Ann Patchett is the winner of the Orange Prize, whose books include a memoir, Truth & Beauty, chronicling her friendship with the late writer Lucy Grealy, as well as such bestselling novels as Bel Canto and The Patron Saint of Liars.
Her latest novel, State of Wonder, is equal parts medical thriller and adventure story as former surgeon Marina Singh is wrested from her comfortable life as a Minnesota pharmaceuticals researcher to undertake a mission in the perilous wilds of the Amazon. As Marina struggles to find her strong-willed former professor, Dr. Annick Swenson, her dangerous new surroundings teach her enduring lessons about both failure and redemption.
This was easy. My husband is a doctor, an internist, and luckily we have a lot of doctor friends. There were so many people for me to call along the way, and I could always say to my husband, “Under these circumstances, what is her blood pressure going to be? What weird anesthesia could they use for this surgery?”
What was the nature of your research where childbirth is concerned?
My husband’s daughter, Josephine, is a labor and delivery nurse. I remember calling Josephine and saying, “What’s a birth defect you’re never going to see?” And she immediately said, “Sirenomelia.”
In another scene in State of Wonder, a C-section must occur in a nonsterile environment with rudimentary tools. This is by far the most riveting birth I can remember in recent literature. Have you been present at a birth like this under similarly trying circumstances?
I don’t have children and frankly the very easiest births look like trying circumstances to me. I was present 15 years ago for the birth of a friend’s child. That was very straightforward. While I was writing the book I wanted to see a C-section, and I asked a friend of mine who is an Ob/Gyn if I could come along and watch. She found a patient who was agreeable. It was probably a pretty average operation, although the baby did get stuck. I had no idea how physical C-sections are, so much pulling and tugging and sweating. My friend kept putting my hand inside the patient and saying, “There’s the head. That’s the ovary,” then she wrenched out this baby who looked like a third-grader. I made it almost to the very end of the closure before fainting. It was so embarrassing.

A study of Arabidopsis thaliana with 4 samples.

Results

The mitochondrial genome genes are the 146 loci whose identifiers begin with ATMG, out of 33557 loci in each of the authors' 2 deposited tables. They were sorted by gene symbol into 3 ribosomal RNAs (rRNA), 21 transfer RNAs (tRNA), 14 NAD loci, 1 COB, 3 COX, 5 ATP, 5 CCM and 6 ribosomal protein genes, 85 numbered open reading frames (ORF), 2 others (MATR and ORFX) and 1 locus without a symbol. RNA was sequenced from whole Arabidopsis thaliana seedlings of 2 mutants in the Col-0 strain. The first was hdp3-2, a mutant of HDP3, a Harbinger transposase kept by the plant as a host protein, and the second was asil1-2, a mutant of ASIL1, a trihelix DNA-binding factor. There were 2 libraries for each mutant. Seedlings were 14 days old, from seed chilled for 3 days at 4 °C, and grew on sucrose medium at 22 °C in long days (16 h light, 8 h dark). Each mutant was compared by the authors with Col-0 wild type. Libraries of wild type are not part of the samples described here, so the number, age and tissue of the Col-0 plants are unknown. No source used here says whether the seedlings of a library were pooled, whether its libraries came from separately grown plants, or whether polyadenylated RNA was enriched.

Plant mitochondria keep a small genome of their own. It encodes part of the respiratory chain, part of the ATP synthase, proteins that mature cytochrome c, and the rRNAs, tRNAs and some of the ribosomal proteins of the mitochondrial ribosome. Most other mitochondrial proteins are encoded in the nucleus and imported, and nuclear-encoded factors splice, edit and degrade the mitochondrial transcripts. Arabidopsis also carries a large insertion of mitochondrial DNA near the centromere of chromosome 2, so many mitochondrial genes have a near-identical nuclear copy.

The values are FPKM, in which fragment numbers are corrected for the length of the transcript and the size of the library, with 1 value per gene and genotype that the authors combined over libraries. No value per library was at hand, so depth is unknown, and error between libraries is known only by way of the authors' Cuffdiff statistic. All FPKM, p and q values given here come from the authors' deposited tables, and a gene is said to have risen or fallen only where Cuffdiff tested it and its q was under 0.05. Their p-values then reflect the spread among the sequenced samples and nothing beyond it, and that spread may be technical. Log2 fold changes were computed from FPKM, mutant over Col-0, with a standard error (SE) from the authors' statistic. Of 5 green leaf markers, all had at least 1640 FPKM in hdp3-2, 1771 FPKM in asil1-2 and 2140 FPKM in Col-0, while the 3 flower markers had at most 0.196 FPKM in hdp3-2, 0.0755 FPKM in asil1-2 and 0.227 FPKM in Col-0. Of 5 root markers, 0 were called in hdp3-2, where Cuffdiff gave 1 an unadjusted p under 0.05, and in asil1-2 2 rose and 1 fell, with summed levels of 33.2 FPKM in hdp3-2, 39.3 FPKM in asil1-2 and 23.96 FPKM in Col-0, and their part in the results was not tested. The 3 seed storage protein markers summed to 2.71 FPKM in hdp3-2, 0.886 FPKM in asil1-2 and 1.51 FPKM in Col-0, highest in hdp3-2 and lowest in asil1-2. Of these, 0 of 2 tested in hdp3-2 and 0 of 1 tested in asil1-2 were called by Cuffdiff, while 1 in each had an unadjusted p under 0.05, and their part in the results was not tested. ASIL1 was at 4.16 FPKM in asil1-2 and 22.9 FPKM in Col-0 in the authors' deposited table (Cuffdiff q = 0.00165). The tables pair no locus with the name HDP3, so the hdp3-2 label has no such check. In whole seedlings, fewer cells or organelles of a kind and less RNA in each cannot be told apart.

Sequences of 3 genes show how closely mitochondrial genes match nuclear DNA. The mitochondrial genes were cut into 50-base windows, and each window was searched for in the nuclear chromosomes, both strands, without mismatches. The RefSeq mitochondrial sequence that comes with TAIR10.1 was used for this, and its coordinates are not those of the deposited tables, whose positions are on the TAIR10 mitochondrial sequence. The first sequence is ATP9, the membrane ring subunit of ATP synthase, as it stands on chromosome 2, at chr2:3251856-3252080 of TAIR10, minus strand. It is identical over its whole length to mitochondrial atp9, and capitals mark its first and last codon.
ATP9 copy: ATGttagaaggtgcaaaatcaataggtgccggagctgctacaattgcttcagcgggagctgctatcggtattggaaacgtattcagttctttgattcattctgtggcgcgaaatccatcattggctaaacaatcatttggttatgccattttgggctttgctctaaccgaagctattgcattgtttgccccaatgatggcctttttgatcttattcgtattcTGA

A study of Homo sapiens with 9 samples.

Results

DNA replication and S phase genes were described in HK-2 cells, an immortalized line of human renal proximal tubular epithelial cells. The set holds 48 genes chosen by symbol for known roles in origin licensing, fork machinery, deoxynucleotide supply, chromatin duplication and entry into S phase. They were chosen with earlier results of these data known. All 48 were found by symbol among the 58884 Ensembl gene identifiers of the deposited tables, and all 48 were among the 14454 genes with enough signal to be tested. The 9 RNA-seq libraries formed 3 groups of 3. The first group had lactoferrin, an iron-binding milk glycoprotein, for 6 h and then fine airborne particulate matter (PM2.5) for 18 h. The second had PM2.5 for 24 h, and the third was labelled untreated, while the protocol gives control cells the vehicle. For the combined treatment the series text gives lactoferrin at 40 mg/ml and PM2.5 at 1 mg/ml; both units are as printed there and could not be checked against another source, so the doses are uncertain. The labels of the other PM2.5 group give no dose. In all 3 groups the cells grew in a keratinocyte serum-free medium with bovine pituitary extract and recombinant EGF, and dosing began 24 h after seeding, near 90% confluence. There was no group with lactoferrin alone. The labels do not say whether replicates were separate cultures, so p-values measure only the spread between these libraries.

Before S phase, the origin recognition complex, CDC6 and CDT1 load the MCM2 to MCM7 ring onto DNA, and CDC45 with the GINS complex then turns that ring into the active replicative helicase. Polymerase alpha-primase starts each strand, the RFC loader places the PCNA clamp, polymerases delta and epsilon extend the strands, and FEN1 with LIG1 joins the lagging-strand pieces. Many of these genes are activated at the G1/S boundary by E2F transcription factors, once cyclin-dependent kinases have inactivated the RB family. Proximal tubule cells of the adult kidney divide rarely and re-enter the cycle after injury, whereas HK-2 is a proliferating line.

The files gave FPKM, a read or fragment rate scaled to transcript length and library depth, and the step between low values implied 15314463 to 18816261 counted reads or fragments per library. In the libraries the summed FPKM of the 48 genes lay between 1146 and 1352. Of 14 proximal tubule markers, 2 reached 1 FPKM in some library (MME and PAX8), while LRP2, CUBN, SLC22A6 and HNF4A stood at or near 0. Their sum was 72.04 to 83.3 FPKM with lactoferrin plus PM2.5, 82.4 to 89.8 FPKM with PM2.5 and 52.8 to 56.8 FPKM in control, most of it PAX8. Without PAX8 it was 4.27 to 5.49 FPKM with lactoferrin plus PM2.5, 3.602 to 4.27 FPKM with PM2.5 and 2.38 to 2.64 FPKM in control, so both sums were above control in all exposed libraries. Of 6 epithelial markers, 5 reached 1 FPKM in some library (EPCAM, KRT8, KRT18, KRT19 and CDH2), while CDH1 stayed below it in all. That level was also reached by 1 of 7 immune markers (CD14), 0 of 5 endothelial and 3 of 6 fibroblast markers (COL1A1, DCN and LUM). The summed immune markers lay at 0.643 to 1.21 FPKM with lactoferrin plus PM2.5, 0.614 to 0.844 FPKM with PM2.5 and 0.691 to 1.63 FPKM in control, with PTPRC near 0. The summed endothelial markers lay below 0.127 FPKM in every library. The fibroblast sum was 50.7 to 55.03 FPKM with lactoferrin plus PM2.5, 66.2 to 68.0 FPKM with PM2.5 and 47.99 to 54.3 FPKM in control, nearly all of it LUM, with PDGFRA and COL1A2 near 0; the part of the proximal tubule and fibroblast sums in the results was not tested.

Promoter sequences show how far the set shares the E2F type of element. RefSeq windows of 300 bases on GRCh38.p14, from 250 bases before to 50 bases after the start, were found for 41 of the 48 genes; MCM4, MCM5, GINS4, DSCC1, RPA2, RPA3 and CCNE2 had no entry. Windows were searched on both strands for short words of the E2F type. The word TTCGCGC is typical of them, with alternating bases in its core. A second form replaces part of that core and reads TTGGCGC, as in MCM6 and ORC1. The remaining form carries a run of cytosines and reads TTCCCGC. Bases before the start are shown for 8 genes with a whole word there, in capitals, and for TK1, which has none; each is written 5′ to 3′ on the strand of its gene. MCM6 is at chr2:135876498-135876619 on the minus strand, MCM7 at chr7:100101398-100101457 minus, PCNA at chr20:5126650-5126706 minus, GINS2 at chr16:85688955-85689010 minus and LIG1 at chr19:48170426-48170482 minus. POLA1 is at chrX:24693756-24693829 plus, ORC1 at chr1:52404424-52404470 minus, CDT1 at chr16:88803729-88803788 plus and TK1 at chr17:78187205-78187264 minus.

After Marina finds Dr. Swenson and discovers the groundbreaking nature of the research being done, it becomes increasingly clear she is a personage who is accustomed to getting her way, one to be both feared and respected. Have you had the experience of working with a person like her?
Sure, but most of the powerful women I’ve known have also been incredibly loving. Grace Paley was a teacher of mine in college, and while there was nothing scary about Grace, I certainly put a dash of her into Dr. Swenson. You’d do anything she told you to do because she was a complete force of nature. Jane Friedman, the legendary publishing impresario, is like that too. I would follow Jane Friedman straight off a cliff.
Lastly, can you tip your hand a bit and let our readers know what you're working on next?
I was talking to my friend Julie Norcross, the former owner of McLean and Eakin Booksellers in Petoskey, Mich., this morning and she said, “The book is almost out! You can stop rearranging your sock drawer!" I really have been cleaning house for a long time. I’ve also been writing a lot of essays. I have an idea for a novel, but I’m not going to start it until book tour is over. It would break my heart to be writing a book and then have to stop to promote another book.